In the wake of the main machine learning NIPS 2010 meeting in Vancouver, Dec. 6-9 2010, there will be a very interesting workshop organised by Ryan Adams, Mark Girolami, and Iain Murray on Monte Carlo Methods for Bayesian Inference in Modern Day Applications, on Dec. 10. (And in Whistler, not Vancouver!) I wish I could attend, but going to a conference in honour of Larry Brown’s 70th birthday in Wharton the week after makes it impossible…
Monte Carlo methods have been the dominant form of approximate inference for Bayesian statistics over the last couple of decades. Monte Carlo methods are interesting as a technical topic of research in themselves, as well as enjoying widespread practical use. In a diverse number of application areas Monte Carlo methods have enabled Bayesian inference over classes of statistical models which previously would have been infeasible. Despite this broad and sustained attention, it is often still far from clear how best to set up a Monte Carlo method for a given problem, how to diagnose if it is working well, and how to improve under-performing methods. The impact of these issues is even more pronounced with new emerging applications.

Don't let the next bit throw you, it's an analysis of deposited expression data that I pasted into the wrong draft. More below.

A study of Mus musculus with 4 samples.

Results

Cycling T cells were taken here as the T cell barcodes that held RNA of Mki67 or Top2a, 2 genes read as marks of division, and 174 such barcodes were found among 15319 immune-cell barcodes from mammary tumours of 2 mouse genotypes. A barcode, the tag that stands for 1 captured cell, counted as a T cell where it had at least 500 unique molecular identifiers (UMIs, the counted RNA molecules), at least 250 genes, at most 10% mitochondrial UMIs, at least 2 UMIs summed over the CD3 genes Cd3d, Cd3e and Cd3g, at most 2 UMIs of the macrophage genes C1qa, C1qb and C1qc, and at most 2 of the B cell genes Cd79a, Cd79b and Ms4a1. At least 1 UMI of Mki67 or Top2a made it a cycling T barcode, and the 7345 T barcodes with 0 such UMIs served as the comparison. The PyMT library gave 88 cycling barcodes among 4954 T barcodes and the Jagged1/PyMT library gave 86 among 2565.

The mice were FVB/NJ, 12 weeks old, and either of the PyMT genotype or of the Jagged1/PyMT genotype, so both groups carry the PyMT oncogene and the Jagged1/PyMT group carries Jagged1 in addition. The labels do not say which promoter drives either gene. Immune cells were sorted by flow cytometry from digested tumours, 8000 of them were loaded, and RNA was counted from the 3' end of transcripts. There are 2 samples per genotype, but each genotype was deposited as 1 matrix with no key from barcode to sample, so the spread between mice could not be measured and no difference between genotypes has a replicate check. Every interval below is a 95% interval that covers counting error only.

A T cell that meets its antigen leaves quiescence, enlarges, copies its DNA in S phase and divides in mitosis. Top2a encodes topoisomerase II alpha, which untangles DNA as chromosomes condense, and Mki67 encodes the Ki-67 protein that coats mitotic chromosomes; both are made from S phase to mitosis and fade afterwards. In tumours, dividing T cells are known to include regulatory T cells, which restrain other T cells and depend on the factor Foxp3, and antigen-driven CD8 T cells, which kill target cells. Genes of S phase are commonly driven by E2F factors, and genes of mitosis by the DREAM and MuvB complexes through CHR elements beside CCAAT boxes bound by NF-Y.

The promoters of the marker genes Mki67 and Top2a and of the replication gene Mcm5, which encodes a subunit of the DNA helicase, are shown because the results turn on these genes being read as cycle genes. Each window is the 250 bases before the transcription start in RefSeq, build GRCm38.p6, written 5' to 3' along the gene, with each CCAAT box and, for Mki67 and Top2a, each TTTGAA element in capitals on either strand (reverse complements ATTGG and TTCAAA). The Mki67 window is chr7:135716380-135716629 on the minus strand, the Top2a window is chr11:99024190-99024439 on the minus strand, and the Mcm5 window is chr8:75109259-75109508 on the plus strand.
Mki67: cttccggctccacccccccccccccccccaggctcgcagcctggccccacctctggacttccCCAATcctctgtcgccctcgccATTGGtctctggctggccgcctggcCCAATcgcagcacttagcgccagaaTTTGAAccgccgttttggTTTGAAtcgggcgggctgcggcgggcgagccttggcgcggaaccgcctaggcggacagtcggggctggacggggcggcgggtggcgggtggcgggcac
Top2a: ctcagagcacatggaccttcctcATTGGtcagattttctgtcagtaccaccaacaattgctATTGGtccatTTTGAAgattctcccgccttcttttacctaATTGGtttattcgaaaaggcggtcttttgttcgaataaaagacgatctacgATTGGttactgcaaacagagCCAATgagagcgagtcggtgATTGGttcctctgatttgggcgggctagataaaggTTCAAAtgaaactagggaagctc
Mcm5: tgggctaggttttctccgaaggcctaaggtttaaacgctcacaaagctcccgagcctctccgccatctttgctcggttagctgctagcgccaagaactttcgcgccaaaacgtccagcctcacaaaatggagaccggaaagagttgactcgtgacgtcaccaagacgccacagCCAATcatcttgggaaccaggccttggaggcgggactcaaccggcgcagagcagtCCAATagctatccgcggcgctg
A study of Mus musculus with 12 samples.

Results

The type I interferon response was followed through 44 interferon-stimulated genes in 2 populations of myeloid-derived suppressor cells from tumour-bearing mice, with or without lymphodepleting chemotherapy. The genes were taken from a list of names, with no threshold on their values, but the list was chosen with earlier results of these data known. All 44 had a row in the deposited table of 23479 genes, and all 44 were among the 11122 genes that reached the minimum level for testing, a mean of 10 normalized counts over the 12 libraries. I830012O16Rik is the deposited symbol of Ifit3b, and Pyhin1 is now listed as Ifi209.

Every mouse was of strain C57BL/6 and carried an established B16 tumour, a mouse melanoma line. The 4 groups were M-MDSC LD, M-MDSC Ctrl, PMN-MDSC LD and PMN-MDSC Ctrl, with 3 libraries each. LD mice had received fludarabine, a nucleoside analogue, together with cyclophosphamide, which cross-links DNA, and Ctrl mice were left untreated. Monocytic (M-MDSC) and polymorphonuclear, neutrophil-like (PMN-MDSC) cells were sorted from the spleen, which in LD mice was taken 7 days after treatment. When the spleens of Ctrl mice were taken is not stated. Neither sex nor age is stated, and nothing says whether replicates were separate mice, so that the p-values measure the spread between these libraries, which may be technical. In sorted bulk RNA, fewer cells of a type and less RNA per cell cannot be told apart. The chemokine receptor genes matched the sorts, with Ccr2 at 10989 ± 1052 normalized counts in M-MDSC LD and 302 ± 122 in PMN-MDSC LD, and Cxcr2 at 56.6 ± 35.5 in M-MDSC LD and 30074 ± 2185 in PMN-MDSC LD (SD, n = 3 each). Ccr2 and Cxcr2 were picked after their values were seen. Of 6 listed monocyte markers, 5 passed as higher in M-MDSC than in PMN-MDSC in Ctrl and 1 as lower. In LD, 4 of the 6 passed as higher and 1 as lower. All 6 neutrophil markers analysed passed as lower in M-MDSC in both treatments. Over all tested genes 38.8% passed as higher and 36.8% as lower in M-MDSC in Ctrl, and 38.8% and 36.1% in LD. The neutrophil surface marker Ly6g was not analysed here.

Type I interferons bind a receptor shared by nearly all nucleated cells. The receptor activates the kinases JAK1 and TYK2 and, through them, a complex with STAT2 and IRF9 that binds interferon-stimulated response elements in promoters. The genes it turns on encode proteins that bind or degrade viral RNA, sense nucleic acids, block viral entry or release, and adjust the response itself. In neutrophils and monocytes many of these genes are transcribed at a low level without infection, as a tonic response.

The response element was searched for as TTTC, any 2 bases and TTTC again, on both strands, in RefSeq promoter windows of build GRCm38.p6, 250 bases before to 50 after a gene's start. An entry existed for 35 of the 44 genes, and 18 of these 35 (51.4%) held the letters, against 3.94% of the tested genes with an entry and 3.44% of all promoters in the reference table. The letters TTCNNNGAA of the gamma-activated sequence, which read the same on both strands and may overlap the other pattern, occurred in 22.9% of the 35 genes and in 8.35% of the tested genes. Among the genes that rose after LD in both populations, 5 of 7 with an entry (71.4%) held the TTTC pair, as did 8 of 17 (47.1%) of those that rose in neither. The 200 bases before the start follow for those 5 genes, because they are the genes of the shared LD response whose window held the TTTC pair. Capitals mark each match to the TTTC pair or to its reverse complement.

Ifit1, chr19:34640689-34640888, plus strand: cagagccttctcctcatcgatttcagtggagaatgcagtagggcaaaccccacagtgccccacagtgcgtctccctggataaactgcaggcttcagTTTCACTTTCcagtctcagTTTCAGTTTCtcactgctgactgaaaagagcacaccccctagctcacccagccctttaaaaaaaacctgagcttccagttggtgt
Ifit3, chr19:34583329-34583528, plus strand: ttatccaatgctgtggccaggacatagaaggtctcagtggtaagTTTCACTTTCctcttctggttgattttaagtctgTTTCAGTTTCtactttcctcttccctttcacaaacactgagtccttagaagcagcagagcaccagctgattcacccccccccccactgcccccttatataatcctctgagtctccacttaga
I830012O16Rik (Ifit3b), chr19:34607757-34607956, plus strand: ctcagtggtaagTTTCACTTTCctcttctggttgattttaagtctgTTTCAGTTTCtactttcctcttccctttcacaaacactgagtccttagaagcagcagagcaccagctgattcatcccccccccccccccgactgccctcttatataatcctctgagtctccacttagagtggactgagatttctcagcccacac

What does the workshop address and accomplish?
Identifying features of applications of Monte Carlo methods: This workshop is aimed equally at practitioners and core Monte Carlo researchers. For practitioners we hope to identify what properties of applications are important for selecting, running and checking a Monte Carlo algorithm. Monte Carlo methods are applied to a broad variety of problems. The workshop aims to identify and explore what properties of these disparate areas are important to think about when applying Monte Carlo methods.